ANTHONY JENKINS/The Globe and Mail

Few are the authors whose debut hits the New York Times bestseller list; Diane Setterfield is one. That book, The Thirteenth Tale is now being adapted for the BBC, and her second novel, Bellman & Black, is a ghost story. Here, she reflects on the influences that have shaped her as a writer.

When you started to write, which writers did you revere?

For several decades, I believed it was necessary to be extraordinary if you wanted to write, and since I wasn't, I gave up my ambition and settled down to a life of reading. Years later, Val McDermid was at a party I went to and, spying on her, I realized she was entirely normal (I do hope she doesn't mind my saying this). That was one of the things that cured me of my reverence and put me back on track.


I don't consciously imitate but I am always aware of storytelling as a dialogue with other stories from other voices and other times. One book is a response, direct or slantwise, to another (or, more likely, others). If you read widely and deeply enough, you get the literary equivalent of an orchestra playing in your mind and what you write just adds a note here and there.

How did you forge a distinct voice? How did you escape their influence?

I never conceived of influence as a thing to avoid. It is the lifeblood of literature. The only way to escape influence would be never to read, and what kind of literature would that produce? We are made of the stories we have heard and read all through our lives.

Distinctiveness is inevitable, too, I think. We're ourselves, for good or ill. We can't help but be original.

What is the most dangerous influence or type of influence for a young writer?

Excessively narrow reading is unhelpful, certainly. Reading only Serious Literature is no better than reading only trash in this respect. Roaming far and wide in your reading habits is good, which means (and this list is far from complete) reading non-fiction, poetry, fiction in translation, books that never made much impact, books that were famous once but everyone has forgotten now and – this is an eye-opener, this one – reading books you know you won't like.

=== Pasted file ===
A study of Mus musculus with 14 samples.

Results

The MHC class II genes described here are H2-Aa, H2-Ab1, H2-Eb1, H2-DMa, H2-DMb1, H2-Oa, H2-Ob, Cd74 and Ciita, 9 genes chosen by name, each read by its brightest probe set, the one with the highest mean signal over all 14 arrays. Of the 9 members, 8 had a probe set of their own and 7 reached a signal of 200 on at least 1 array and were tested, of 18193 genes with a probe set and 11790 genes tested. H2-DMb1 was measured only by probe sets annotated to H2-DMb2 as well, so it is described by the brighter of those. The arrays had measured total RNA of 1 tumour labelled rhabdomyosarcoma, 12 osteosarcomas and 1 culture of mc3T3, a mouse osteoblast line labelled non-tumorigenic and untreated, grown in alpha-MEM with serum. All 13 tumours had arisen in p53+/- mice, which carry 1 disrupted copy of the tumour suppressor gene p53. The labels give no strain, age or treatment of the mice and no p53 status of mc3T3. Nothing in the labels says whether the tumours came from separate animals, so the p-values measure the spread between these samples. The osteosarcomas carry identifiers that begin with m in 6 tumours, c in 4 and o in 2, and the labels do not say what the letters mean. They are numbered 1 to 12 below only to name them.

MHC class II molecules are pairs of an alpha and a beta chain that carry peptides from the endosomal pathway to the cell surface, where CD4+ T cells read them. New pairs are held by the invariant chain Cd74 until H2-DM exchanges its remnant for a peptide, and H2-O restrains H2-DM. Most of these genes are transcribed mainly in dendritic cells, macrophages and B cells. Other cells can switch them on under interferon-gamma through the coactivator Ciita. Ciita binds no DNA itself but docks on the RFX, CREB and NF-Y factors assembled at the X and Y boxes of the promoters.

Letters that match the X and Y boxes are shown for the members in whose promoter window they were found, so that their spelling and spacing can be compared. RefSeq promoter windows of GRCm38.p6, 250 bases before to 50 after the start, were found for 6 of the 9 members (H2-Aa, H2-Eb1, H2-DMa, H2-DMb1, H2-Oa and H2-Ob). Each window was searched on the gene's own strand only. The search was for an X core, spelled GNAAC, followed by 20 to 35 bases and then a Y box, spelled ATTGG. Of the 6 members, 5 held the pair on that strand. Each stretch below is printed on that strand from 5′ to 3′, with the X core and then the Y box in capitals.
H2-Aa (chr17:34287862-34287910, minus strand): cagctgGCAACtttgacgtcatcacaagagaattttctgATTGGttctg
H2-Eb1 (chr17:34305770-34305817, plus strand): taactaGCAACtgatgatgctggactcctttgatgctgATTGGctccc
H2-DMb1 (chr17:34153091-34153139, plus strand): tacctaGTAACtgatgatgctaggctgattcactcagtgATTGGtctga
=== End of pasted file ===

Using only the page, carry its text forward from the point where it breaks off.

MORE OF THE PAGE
I hope Mark Cocker won't mind my laying claim to his magnificent Crow Country as the blood brother of Bellman & Black. He knows more about rooks than any man alive and writes fact with all the craftsmanship of a poet.

Faust's pact with the devil was frequently on my mind while writing, and the version I am most familiar with is Marlowe's Tragical History of the Life and Death of Doctor Faustus, which I studied aged 17 and have never forgotten.

Who do you wish were more influential?

My liking for Scandinavian crime fiction led me into exploring literary writers from the same countries. The Norwegian Erik Fosnes Hansen is a storyteller with few equals. Tales of Protection and Psalm at Journey's End contain worlds and characters that draw you in and have you longing for your book every minute you are not reading. His great intelligence has warmth as well as depth and his observation of the human spirit is acute.

Whose sentences are your favourite, and why?


Andrew Miller is the other. Reading Pure, the sentences were so delicious I wanted to lick the page – and given the subject matter (the excavation of a Parisian graveyard), that is really saying something!

This interview, conducted by Globe Books, has been condensed and edited.